MEDIA CONTACT: Tom Rickey, (585) 275-7954, or David Williams, (585) 275-8672
September 30, 1994
Sharpest Pictures of Human Retina
University of Rochester scientists have taken the sharpest
pictures yet of the inside of the living human eye, making
visible for the first time the individual cells called cones.
Such precise images may one day help doctors treat several types
of eye disease.
Scientists took pictures of the cones -- the photoreceptors
that allow us to detect color and see clearly during the daytime
-- in six people by shining a low-power laser through the pupil
and onto the retina. The retina reflected the light back to an
electronic camera outside the eye.
Graduate student Donald Miller will describe the work at the
annual meeting of the Optical Society of America Monday, Oct. 3
in Dallas. Miller worked with David Williams, professor of
psychology and director of the University's Center for Visual
Science, and G. Michael Morris, professor at the Institute of
The retina is like a screen inside the eyeball that captures
light signals and transmits them to the brain. It's also the only
part of the living brain that scientists can view directly.
Though the retina is about the same consistency as wet single-
ply tissue paper, it is packed with photoreceptors (both cones,
for color and resolution, and rods, for night vision) that allow
us to see. Light absorbed by our cones and rods is converted into
electrical signals that the brain puts together to form images.
The team saw individual cones, which are about 3 microns
wide. The instruments that ophthalmologists currently use see
structures no smaller than about 10 microns.
Seeing individual photoreceptors inside human eyes could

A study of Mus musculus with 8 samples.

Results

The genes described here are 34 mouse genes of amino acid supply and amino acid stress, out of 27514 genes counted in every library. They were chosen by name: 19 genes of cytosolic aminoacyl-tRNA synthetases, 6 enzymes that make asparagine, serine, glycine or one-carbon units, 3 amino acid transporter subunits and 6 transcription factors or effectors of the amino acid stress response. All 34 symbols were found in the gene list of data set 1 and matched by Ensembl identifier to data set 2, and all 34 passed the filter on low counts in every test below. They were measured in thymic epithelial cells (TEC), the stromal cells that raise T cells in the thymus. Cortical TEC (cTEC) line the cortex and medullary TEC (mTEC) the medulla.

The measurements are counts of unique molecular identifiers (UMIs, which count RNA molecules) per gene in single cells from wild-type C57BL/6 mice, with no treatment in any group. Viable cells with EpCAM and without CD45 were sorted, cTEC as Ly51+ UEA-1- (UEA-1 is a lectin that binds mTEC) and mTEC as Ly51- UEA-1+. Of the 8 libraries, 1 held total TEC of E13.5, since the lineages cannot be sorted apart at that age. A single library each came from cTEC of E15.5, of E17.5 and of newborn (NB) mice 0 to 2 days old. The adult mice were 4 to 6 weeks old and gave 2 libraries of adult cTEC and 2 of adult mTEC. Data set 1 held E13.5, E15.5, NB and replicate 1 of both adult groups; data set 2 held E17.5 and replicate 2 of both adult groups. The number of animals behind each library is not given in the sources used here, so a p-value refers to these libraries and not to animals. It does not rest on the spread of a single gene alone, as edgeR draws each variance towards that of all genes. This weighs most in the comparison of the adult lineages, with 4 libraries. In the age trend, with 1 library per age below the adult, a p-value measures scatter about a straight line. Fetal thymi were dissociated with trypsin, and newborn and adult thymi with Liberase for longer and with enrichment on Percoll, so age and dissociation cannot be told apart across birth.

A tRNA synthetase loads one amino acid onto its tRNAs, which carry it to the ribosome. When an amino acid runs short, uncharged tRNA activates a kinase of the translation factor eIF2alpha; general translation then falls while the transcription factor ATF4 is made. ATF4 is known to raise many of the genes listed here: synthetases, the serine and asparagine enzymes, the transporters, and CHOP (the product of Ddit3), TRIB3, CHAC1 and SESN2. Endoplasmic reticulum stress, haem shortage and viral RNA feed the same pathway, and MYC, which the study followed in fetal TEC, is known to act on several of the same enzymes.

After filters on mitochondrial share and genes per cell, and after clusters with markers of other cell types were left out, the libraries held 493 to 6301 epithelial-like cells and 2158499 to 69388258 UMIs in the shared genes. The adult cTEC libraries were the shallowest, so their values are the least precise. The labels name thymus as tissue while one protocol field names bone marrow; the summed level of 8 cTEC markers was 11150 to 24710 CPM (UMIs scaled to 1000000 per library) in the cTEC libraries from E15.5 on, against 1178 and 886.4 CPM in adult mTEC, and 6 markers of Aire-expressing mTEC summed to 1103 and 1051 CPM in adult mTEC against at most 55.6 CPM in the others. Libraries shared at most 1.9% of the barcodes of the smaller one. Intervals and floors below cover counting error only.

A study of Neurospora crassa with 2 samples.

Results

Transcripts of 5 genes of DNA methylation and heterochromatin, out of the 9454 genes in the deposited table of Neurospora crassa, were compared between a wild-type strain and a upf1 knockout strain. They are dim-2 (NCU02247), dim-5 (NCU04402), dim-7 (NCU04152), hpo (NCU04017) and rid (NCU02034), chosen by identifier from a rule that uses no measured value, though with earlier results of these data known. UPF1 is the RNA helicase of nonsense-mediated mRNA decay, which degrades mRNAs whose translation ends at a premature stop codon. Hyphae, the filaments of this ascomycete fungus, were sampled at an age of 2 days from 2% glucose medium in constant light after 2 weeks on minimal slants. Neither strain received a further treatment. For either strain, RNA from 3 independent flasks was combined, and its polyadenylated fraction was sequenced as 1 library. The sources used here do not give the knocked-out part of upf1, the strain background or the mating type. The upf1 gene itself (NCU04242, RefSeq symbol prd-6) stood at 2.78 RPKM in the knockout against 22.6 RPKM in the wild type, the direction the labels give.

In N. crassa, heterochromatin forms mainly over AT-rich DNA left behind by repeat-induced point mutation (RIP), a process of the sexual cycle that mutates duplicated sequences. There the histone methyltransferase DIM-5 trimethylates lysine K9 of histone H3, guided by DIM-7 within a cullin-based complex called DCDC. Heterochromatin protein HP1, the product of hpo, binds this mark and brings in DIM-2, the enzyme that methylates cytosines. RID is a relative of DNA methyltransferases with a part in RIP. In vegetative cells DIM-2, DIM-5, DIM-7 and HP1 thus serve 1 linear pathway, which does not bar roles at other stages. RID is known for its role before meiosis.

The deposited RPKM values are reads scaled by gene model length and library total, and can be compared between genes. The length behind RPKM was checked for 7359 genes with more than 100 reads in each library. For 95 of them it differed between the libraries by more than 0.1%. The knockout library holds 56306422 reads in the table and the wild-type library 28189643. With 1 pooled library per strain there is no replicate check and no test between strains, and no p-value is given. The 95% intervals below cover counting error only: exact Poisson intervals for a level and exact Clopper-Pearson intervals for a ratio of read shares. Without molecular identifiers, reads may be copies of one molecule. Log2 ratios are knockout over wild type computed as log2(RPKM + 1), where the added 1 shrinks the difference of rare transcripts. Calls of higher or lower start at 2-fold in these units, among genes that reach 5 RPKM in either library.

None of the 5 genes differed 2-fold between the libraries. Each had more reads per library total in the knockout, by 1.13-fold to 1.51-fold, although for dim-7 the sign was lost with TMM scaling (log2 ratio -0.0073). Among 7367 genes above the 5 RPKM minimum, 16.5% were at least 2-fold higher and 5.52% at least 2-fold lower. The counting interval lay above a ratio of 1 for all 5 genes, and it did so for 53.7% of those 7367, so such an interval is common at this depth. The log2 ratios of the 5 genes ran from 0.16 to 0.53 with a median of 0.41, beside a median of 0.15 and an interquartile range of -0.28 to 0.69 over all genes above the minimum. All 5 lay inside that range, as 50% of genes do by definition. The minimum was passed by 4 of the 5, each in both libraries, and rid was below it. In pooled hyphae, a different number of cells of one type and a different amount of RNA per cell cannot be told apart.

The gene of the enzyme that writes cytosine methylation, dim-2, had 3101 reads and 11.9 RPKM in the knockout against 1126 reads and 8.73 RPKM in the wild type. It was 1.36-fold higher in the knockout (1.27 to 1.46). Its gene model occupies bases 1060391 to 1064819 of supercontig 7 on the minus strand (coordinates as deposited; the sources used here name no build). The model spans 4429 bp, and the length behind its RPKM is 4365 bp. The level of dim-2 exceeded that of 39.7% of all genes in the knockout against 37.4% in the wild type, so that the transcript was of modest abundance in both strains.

help doctors detect or treat several types of eye disease,
including age-related macular degeneration (AMD), which affects
hundreds of thousands of Americans and is the leading cause of
blindness in the elderly, and retinitis pigmentosa, which causes
the photoreceptors to grow abnormally long and afflicts thousands
of people in the U.S., causing gradual deterioration of the
retina and eventual blindness.
A key to the experiment was a special electronic camera that
is many times more sensitive than photographic film. The camera
also has high resolution, dividing a square area on the retina
just one-third of a millimeter wide into more than a quarter of a
million pixels. The team dilated each subject's pupils with eye
drops and carefully corrected the major optical defects that
everyone's eyes -- even people with 20/20 vision -- contain.
With corrective lenses in place, Miller and colleagues shot
a low-power (.3 milliwatts, well below safety level) beam of
yellow light from a dye laser into the eyeball for just a
fraction of a second.
"It's a lot like taking a flash picture," says Miller. "You
need the flash to illuminate the subject, which in this case is
the retina. The effect on the subject is the same as that of a
powerful flash from a camera -- they see a bright flash that
causes an after-image for a few seconds."
The team hopes to get even better images by using the same
"Star Wars" technology that helps telescopes and missiles see
through the atmosphere to correct for more complex aberrations
present inside everyone's eyes.
"The conventional wisdom is that the eye's optics are too
poor to let you see individual receptors," says Williams. "We've
shown that this is not true. These pictures offer considerable
promise for what we might see in the future with even better
About the University of Rochester
The University of Rochester (www.rochester.edu) is one of the nation's leading private universities. Located in Rochester, N.Y., the University gives students exceptional opportunities for interdisciplinary study and close collaboration with faculty through its unique cluster-based curriculum. Its College of Arts, Sciences, and Engineering is complemented by the Eastman School of Music, Simon School of Business, Warner School of Education, Laboratory for Laser Energetics, Schools of Medicine and Nursing, and the Memorial Art Gallery.